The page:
Doing their MARC: the MARC program is recruiting its first cohort of students

Four students make up the first cohort of undergraduate students participating in the Maximizing Access to Research Careers (MARC) Nevada program. The program, sponsored by the National Institutes of Health, is designed to help develop a diverse pool of undergraduate students completing their bachelor’s degrees and transitioning into research-oriented graduate programs (Ph.D. . or MD/Ph.D. ) in biomedical sciences. The long-term goal is to develop a diverse pool of well-trained scientists.

The first cohort is made up of students Lauren Carriere, Jesus Diaz Sanchez, Jonathan Taasan and Kimberly Giannantonio. Participating MARC Nevada students will receive an annual stipend of $13,920 for their junior and senior years of college, partial tuition financial coverage, year-round research opportunities, and mentorship, among other benefits.

Professors from the College of Science and the Neuroscience Institute collaborated on the MARC grant proposal, including Institute Professor and Director James Kenyon and College of Science Associate Professor and Associate Dean Melanie Duckworth. The grant is an Institutional Training Grant, which is frequently renewed, meaning the University will likely be able to support more cohorts beyond the first five grants this year. The university hasn’t had an institutional training grant in more than a decade, Kenyon said.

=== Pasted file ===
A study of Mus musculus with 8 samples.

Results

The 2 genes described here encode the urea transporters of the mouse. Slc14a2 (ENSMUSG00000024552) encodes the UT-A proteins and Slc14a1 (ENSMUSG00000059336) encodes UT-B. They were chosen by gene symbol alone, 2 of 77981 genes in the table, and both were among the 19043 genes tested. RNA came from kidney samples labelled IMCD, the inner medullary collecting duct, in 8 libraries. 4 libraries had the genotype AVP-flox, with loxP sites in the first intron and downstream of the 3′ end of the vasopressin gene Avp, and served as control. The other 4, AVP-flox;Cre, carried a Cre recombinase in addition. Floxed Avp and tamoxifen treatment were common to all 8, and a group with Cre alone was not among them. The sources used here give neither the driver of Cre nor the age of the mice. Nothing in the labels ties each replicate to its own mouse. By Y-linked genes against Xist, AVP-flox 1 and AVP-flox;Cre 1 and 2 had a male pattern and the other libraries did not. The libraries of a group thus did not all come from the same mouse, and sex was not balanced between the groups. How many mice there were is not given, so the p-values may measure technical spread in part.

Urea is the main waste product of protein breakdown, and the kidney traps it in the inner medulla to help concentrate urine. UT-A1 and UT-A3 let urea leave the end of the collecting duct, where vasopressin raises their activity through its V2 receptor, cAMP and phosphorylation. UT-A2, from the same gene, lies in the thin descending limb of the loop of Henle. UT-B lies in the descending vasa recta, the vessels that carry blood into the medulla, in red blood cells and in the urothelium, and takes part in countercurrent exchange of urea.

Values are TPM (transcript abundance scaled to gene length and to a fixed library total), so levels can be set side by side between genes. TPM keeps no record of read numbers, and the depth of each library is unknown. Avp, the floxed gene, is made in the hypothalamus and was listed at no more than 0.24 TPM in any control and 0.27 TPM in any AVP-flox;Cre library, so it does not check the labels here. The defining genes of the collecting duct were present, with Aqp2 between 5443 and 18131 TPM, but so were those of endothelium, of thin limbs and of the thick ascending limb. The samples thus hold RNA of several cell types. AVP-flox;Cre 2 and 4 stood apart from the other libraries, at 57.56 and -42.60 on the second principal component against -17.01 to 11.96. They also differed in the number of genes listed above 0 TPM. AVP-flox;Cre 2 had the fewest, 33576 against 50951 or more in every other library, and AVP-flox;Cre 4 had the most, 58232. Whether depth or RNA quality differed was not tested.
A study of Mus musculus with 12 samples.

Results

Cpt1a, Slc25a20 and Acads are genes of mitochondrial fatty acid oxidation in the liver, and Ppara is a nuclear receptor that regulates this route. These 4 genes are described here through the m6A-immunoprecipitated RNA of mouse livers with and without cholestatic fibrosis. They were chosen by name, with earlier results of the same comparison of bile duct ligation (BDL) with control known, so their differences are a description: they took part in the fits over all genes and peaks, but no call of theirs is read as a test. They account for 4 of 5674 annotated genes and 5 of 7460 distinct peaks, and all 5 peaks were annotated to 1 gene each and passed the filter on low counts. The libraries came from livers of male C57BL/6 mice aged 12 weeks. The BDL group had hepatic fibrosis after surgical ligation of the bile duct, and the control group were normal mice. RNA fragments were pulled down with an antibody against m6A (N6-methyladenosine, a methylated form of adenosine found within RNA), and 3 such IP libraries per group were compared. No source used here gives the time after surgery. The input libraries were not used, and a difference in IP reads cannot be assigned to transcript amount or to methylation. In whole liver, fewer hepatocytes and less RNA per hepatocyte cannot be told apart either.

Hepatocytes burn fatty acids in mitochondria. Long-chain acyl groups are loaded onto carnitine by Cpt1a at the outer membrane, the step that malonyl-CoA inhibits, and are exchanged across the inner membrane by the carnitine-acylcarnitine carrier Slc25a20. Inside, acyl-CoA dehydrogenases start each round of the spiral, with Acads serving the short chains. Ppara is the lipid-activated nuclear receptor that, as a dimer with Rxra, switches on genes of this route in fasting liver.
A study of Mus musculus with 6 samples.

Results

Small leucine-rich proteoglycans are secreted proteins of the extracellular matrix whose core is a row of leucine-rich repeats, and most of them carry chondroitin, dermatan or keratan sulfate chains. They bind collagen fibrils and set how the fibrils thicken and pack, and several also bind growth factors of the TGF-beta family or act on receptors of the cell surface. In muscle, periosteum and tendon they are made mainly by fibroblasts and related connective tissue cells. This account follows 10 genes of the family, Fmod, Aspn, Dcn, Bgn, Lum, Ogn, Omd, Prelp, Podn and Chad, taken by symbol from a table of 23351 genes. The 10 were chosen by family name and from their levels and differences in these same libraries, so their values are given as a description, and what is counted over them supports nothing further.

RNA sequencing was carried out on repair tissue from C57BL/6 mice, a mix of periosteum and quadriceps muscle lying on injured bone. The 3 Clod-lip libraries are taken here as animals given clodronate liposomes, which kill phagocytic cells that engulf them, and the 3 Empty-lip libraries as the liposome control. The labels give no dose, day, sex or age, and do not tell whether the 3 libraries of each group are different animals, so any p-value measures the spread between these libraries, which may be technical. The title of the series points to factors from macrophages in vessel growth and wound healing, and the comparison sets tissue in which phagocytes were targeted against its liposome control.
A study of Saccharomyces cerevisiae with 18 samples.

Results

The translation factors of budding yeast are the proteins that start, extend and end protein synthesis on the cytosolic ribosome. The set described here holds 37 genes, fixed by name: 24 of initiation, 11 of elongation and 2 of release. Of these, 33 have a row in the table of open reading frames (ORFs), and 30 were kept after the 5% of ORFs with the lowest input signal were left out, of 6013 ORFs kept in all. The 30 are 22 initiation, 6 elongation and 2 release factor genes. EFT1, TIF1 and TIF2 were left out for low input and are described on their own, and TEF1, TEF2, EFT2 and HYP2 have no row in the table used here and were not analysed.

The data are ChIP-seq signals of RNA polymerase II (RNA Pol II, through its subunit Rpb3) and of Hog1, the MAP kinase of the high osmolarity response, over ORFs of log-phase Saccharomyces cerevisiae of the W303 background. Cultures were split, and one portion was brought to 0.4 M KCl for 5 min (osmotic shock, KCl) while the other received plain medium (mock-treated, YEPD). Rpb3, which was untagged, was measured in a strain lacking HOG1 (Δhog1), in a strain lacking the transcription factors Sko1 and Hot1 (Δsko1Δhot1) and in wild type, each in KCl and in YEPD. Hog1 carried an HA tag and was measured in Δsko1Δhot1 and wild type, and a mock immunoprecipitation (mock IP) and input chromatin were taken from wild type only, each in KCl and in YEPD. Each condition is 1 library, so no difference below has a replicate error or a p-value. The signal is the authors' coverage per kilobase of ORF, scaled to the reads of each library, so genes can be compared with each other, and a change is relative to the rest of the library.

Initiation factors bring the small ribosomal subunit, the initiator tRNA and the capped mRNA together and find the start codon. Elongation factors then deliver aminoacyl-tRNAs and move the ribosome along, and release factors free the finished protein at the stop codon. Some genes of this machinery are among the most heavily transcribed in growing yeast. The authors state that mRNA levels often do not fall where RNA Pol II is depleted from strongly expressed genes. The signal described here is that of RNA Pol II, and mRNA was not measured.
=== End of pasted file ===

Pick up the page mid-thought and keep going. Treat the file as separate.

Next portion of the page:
“If the program is able to recruit good interns and fill all the slots, and the interns are successful, there’s a higher chance of it being renewed and renewed and renewed,” Kenyon said. MARC principal investigators (PIs) also hope to increase the number of trainees in subsequent grants.

The program has four PIs: Duckworth, Thomas Kidd Professor of Biology, Mary Burtnick Associate Professor of Microbiology and Immunology, and Wes Chalifoux Associate Professor of Chemistry.

CPs are excited to have the opportunity to support students. Burtnick stressed that the grant will give students a chance to really immerse themselves in research before applying to graduate schools. The current cohort has already begun their summer research projects.

“For me, it’s nice to have a program that’s really designed for students from underrepresented groups and to give them opportunities like this to excel,” Chalifoux said. The PIs also pointed out that Kenyon and the Institute for Neuroscience have done extensive work to finalize the proposal and ensure its success.

Students interested in the program can apply at the end of their second year of college. The College of Science will feature each student in this cohort in a profile on Nevada Today.